Obama surveillance prompts jeers and cheers

Neil Munro White House Correspondent

“On its face, the order reprinted in the article does not allow the government to listen in on anyone’s telephone calls,” the official told Politico.

Hill Democrats say they want more information about the surveillance.

“I think [officials] have an obligation to respond immediately,” Democratic Sen. Ron Wyden said on CNN.

Officials in Bush’s administration say Obama is validating Bush’s policies.

“Drone strikes. Wiretaps. Gitmo. O is carrying out Bush’s 4th term,” said a 9:10 a.m. tweet from Ari Fleischer, a former Bush spokesman.

“Yet he attacked Bush 4 violating Constitution. #hypocrisy,” he added.

“And just to be clear & so silent liberals understand, I support President O’s anti-terror actions. They’re bi-partisan now,” Fleischer said in a second tweet.

The administration’s extensive surveillance of phone conversations by Verizon customers is likely intended to detect U.S.-based jihadis who are communicating with supporters overseas and in the United States.

By using computers to track who talks to whom, dubbed “traffic analysis,” intelligence experts can link known jihadis with known or suspected supporters in the growing population of Muslim immigrants in the United States.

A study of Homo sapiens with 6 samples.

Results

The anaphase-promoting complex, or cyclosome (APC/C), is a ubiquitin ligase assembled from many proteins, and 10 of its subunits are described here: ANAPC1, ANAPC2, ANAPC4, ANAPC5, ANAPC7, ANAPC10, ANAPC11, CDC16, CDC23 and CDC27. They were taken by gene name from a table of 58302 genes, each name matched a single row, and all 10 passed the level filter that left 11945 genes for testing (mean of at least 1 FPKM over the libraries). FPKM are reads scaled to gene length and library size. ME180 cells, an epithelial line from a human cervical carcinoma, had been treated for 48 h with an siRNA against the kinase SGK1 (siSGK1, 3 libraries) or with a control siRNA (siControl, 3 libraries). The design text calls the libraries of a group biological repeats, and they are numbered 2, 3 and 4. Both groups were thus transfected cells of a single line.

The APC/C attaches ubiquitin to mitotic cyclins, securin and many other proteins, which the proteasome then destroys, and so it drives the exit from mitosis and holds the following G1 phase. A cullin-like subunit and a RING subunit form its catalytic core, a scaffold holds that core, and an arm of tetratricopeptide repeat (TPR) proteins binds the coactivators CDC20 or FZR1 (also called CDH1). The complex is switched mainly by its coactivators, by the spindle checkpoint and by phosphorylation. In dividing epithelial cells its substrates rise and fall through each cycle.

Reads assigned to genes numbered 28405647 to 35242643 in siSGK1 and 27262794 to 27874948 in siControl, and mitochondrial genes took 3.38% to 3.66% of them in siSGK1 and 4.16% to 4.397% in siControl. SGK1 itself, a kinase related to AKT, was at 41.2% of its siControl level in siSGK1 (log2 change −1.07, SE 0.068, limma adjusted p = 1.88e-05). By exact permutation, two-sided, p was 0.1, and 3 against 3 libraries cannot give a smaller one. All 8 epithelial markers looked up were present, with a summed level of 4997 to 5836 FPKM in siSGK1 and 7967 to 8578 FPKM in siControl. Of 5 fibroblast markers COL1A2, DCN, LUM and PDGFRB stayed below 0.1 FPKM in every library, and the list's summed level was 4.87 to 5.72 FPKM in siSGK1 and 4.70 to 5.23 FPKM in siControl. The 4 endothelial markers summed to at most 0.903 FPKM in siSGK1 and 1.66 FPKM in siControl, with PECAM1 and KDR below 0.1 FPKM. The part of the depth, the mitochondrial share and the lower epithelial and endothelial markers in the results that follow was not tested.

The program apparently is not trying to listen to actual conversations.

Under federal law, such wiretapping requires a different set of court approvals. It is also very expensive and labor-intensive.

That’s the defense initially offered by the White House. “The information acquired does not include the content of any communications or the name of any subscriber. It relates exclusively to metadata, such as a telephone number or the length of a call,” the official told Politico.

The far-reaching surveillance was exposed by an article in the left-wing British newspaper, the Guardian, and sharply contrasts with the presidents’s campaign-trail criticism of anti-jihad measures by President George W. Bush.

“I will provide our intelligence and law enforcement agencies with the tools they need to track and take out the terrorists without undermining the constitution and our freedom,” he declared in an August 2007 speech.


“That means no more illegal wiretapping of American citizens, no more national security letters to spy on citizens who are not suspected of a crime,” he said at the speech, titled “The War We need to Win.”

“No more tracking citizens who do nothing more than protest a misguided war [and] no more ignoring the law when it is convenient,” he said to the audience at thew Wilson Center.

“That is not who we are and it is not what is necessary to defeat the terrorists,” Obama said.

In this case, Obama’s use of “terrorists” likely referred to Islamic jihadis motivated by Islamic ideology.

“The [Foreign Intelligence Surveillance] court works. The separation of powers works. Our Constitution works,” Obama continued.

“We will again set an example for the world that the law is not subject to whims of stubborn rulers and that justice is not arbitrary. This administration is acting like violating civil liberties the way to enhance our security. It is not. There no shortcuts to protecting America.”